It should be said outright that I am a massive Doctor Who fan. I’ve seen every episode of the new series at least once, and most of them more than three times. I like every Doctor and I like every companion. I own a sonic screwdriver and the background on my computer is the T.A.R.D.I.S. in the snow. I’m telling you this so that you understand that I am biased. I am super, duper biased. From just the sheer fact that this is a music video about Doctor Who, my higher brain functions shut down and I turn into a fanboy.
You’ve been warned.
SQUEE! OMG SQUEE!!!! All the references! I can has all the references!? They translate all the words into High Gallifreyan! Is that an Adipose? Is that the Lonely Child! OMG they have an anti-pear symbol! Look, look, it’s River Song! OMG! OMG! SQUEEEEEE!
All right. Thank you for letting me get that out of my system. I shall now review this music video with all the grace of a professional.
He did the dance from the Ponds’ wedding! SQUEEEE!!!
Okay…okay. I’ve got it under control. From here on, I will treat this like a Cyberman would: with cold, unflinching logic.
It’s obvious from the first frame of this video that it was made specifically for Doctor Who fans. The shear amount of references alone is a testament to that. From the white cutouts of familiar objects and villains, to the choice of fonts for the lyrics, this video is so saturated with Whoivian sensibilities that it feels like it’s from the BBC. Just the fact that this exists is such a good sign of things to come. “The Hanging Tree” from The Hunger Games is already a popular song on the radio, so why not songs from other fandoms? It’s not that big of a stretch to expect in the near future a station entirely devoted to songs like this.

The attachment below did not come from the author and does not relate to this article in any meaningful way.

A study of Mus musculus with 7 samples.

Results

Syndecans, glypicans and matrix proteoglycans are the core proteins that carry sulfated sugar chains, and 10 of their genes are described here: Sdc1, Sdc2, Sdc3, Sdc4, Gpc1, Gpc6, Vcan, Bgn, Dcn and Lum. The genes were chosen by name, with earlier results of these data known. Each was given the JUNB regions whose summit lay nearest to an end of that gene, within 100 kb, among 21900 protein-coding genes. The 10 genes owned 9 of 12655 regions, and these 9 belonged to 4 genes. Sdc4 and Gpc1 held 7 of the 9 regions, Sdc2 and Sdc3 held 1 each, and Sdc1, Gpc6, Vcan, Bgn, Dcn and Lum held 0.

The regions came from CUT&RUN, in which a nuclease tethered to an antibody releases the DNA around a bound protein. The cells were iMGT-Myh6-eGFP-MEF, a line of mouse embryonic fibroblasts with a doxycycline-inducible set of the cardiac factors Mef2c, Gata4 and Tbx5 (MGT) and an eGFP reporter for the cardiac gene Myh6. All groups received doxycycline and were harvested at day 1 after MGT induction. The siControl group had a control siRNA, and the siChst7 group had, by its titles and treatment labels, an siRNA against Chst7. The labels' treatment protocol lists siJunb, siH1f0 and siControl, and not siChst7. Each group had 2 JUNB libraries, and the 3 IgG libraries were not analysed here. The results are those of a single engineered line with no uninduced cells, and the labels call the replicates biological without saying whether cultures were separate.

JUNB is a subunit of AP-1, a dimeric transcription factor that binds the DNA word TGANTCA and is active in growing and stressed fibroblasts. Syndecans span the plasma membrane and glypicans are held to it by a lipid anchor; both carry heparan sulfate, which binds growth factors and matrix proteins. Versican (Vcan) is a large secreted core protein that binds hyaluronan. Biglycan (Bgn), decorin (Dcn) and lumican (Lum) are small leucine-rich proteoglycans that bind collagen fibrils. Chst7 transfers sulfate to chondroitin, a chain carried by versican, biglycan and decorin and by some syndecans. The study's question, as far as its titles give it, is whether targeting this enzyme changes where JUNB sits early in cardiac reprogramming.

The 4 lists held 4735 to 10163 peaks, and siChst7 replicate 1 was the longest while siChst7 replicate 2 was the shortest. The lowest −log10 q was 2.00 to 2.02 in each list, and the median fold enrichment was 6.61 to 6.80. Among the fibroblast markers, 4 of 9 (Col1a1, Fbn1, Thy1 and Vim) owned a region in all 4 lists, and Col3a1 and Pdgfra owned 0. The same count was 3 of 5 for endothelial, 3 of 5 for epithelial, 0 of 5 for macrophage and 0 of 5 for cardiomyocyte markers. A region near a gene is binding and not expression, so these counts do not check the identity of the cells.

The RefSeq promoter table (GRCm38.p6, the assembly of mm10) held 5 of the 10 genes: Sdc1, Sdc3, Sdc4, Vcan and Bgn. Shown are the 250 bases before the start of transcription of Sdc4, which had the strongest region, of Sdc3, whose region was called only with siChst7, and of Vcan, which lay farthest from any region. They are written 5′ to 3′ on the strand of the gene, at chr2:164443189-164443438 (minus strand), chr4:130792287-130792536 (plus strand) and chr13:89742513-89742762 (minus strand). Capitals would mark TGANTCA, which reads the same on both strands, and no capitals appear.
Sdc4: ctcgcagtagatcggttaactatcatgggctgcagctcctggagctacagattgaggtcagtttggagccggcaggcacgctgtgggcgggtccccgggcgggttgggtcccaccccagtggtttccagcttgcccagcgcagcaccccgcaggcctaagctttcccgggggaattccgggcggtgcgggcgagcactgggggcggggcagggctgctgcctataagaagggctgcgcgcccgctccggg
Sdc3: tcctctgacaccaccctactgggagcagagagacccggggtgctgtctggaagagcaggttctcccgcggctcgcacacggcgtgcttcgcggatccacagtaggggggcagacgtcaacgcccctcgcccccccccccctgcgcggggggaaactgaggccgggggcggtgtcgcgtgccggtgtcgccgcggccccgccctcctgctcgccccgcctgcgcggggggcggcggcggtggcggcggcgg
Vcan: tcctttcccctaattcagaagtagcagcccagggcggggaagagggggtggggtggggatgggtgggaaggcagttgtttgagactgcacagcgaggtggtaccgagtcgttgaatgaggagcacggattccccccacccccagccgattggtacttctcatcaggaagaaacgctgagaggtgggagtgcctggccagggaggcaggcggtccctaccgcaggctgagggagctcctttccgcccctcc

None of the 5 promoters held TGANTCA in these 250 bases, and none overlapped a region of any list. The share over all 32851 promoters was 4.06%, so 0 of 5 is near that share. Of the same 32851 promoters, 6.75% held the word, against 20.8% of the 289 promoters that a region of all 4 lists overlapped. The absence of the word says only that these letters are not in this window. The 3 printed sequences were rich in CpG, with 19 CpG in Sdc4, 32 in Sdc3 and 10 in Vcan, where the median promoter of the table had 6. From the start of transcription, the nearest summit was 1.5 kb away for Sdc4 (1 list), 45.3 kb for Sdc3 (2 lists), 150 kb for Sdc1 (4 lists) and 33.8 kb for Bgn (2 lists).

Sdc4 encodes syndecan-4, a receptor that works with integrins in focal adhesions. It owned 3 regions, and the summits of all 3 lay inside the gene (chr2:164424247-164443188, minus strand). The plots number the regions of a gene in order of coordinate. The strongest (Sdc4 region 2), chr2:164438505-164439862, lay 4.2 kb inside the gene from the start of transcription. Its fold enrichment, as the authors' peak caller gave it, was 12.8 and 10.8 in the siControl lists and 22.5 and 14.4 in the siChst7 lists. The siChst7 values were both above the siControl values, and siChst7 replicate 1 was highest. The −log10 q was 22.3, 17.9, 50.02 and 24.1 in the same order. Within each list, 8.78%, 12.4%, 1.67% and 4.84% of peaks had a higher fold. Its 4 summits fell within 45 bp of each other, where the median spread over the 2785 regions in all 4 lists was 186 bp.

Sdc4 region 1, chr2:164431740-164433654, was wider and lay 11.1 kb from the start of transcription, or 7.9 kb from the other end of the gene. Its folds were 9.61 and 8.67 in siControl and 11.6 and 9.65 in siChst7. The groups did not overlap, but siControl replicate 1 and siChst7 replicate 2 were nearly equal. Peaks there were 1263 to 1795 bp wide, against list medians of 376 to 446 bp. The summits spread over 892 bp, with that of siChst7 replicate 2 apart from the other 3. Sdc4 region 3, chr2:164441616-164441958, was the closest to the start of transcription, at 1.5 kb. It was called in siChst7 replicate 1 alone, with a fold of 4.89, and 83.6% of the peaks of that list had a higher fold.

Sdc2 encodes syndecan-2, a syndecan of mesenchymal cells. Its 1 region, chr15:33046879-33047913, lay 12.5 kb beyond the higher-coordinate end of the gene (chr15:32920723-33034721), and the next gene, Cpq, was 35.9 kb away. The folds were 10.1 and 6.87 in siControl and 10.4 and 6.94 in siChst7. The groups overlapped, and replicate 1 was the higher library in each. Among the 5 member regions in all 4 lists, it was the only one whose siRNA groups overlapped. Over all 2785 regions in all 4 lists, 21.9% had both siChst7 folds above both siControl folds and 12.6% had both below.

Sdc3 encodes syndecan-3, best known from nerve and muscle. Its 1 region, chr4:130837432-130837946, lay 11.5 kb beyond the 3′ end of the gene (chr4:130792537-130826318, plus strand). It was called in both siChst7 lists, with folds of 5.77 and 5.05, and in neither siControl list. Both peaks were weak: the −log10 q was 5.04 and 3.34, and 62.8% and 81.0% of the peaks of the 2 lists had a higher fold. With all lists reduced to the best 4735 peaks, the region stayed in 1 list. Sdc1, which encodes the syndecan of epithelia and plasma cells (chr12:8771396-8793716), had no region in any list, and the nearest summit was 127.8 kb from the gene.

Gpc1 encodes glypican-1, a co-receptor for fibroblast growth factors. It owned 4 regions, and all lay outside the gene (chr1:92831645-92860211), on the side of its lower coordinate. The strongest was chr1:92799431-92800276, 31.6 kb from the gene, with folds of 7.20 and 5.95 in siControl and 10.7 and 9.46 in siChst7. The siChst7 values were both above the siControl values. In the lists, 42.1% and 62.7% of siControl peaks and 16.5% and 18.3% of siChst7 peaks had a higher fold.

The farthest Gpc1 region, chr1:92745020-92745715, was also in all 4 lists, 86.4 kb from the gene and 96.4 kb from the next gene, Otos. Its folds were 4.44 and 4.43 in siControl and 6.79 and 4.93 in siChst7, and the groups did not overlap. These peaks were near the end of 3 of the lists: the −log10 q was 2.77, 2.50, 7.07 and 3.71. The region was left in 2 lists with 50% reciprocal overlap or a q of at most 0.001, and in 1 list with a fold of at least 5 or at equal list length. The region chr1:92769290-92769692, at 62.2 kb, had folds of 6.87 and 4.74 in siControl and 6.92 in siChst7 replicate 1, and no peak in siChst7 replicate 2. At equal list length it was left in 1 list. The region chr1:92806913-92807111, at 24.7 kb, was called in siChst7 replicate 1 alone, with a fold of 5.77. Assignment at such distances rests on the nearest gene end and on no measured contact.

With that said, this song is not just a fan piece, but also a pop song, and it has all of the problems that goes with that. I didn’t notice it the first time I listened, but after repeating it a few times, it became apparent that, despite all the cool visual references and the energetic beat, the song was a tad repetitive. The chorus consists of only really two sentences, and they are repeated just a little too often. The song is more than four minutes long, and that might be the cause of all of its faults. The words used are good, but not compelling enough to stretch over that long of a time without coming off as a bit boring. I am quite willing to admit that some of that opinion might only exist because I listened to the song several times to prepare myself for this review. Perhaps with the normal occasional listen this might be more downplayed, but it’s a problem nonetheless.
Something I did like about it was the pace. The thing that I like about pop songs, and the reason I don’t normally decry it as a genre, is the fact that they do not wallow in their words. Even slow pop songs know that they need to bring the listener to the crescendo, then bring them down, then crescendo again. If they’re especially bold, they will sometimes do this up to five times. But the point is always to get the listener to those fist-punching, sing-at-the-top-of-your-lungs moments. For me, at least, that is the mark of a good pop song, and this does achieve that. I’m not ashamed to admit that I was singing “somebody call the Doctor” right along with the chorus by the second listen.
The entire song is based on the idea of wanting to run with the Doctor, and the song and video both encapsulate that dangerous, joyous, and frenetic desire. It offers us another option, besides the show, to feel the pulse rush that every Whovian dreams of getting to experience one day, the day we finally meet the Doctor.
This music video is like the T.A.R.D.I.S.: a bit clunky at times, but ultimately brings us right where we’re supposed to be.